Jefferson backers upset they aren’t yet on supervisor agenda
An attempt to put a Jefferson state declaration on the Del Norte County Board of Supervisors agenda was rebuffed for the second time Tuesday.
District 1 Supervisor Roger Gitlin, who made the request for the Feb. 11 agenda, cited the 1,100 signatures the Del Norte County State of Jefferson Declaration Committee collected supporting the effort as reason for the supervisors to vote on it.
Board Chairman David Finigan, who on Jan. 14 called for a “sound fiscal analysis” regarding the Jefferson State effort, again proposed holding a Board workshop on the issue. He also suggested that the Board weigh in on an advisory referendum to be placed on the next available ballot for residents to vote on, similar to what Tehama County did in December.
Finigan said he would place the declaration on the agenda for a vote before a workshop if two other supervisors supported Gitlin’s request. No one else responded.
“I took it to the full Board with a proposal that I would like to have a workshop for the Board to become fully informed for it to have that discussion,” Finigan said later. “If a department head came to a supervisor and asked that something be put on the agenda and it did not contain the fiscal analysis or the information required to have an informed decision, it wouldn’t get on the agenda.”
When he was the chairman, Supervisor Mike Sullivan had invited Mark Baird, one of the founders of the most recent movement for a state of Jefferson, to speak at a workshop on Tuesday, Feb. 4. Finigan said he was unable to attend on that date and attempted to reschedule the workshop for Feb. 27, but was told that Baird wouldn’t be able to attend that meeting.
Baird is expected to be at a town hall meeting Tuesday night held by the local declaration committee.
Committee members criticized Finigan for not placing the issue on the Board’s Feb. 11 agenda. They cited the Board’s administrative manual, which states that any supervisor can put an item on the agenda for a vote after consulting with the chairman. Jefferson state supporters also balked at Finigan’s proposal to place the matter on an upcoming ballot.
“The signatures that were gathered were to have a vote by the Board of Supervisors, not to be placed on a ballot later this fall,” said committee member Joseph Lavender. “I’m a veteran and I feel totally disenfranchised about this process that’s going on.”
Aaron Funk, the local declaration committee’s county coordinator, read the Board’s administrative manual to the supervisors, pointing out that it doesn’t say that an issue must be supported by three supervisors for it to be placed on an agenda.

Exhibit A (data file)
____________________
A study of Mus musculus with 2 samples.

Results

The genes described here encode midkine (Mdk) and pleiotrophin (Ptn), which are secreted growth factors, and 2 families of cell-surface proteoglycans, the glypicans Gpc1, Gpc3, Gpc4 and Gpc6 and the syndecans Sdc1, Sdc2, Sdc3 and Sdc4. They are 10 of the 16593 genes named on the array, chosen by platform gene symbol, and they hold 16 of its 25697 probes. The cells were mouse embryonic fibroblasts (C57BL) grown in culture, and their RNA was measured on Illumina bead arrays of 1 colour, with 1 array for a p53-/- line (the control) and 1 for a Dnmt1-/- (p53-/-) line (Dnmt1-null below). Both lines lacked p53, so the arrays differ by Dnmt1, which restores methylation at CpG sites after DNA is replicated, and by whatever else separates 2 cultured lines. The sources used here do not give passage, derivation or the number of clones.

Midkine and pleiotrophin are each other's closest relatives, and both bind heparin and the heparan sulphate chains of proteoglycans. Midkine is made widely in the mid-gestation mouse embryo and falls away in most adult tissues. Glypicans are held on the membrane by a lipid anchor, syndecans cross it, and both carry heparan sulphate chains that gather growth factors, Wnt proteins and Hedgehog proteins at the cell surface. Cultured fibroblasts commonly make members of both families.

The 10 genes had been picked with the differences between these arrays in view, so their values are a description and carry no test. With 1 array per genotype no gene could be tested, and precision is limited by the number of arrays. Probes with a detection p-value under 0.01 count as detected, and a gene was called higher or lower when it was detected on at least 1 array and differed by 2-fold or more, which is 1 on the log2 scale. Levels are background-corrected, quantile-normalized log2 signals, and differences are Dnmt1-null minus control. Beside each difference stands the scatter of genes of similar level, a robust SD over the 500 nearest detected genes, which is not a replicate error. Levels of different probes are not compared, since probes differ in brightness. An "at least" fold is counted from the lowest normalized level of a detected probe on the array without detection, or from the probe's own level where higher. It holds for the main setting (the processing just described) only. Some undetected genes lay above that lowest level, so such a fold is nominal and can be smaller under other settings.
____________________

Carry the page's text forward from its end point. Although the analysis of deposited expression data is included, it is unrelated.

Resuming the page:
Funk said Baird wouldn’t be at the Feb. 27 meeting because he will be in China and Korea working as a pilot.
“You want more information, yet I only know of three supervisors who are going to attend the town hall meeting on the 4th to get more information,” Funk said, referring to Gitlin, Sullivan and Supervisor Gerry Hemmingsen.
Gitlin said this isn’t the first time the Board chairman refused his request to place an action item on the agenda. A previous example includes a request to send a congratulatory letter to newly-appointed Pope Francis that Gitlin said was refused by former chairman Sullivan. Gitlin said he also asked the county to do a speed study on El Dorado Street at the request of constituents whose children go to Bess Maxwell Elementary School. This request was also refused, Gitlin said.
He said he will continue to ask that the Jefferson state declaration be placed on a future agenda. He said he will also consult with county counsel Gretchen Stuhr on whether Finigan violated the Board’s policy.
“We have decisions being made which are against our administrative code and until such time as that changes, I’m not going to be quiet on this,” Gitlin said. “I’m going to continue to ask for this to be placed on the agenda as is my right as a duly elected supervisor of the county.”
Glenn County supervisors voted 5-0 last week in favor of breaking away from California and becoming part of a state of Jefferson. Siskiyou and Modoc counties passed similar declarations in September. The U.S. Constitution provides for the formation of new states, but land can’t be taken from an existing state without consent of its own legislature and the U.S. Congress.
Baird will be at the town hall meeting at 6 p.m. Tuesday at the Del Norte County Fairgrounds to discuss the Jefferson state movement.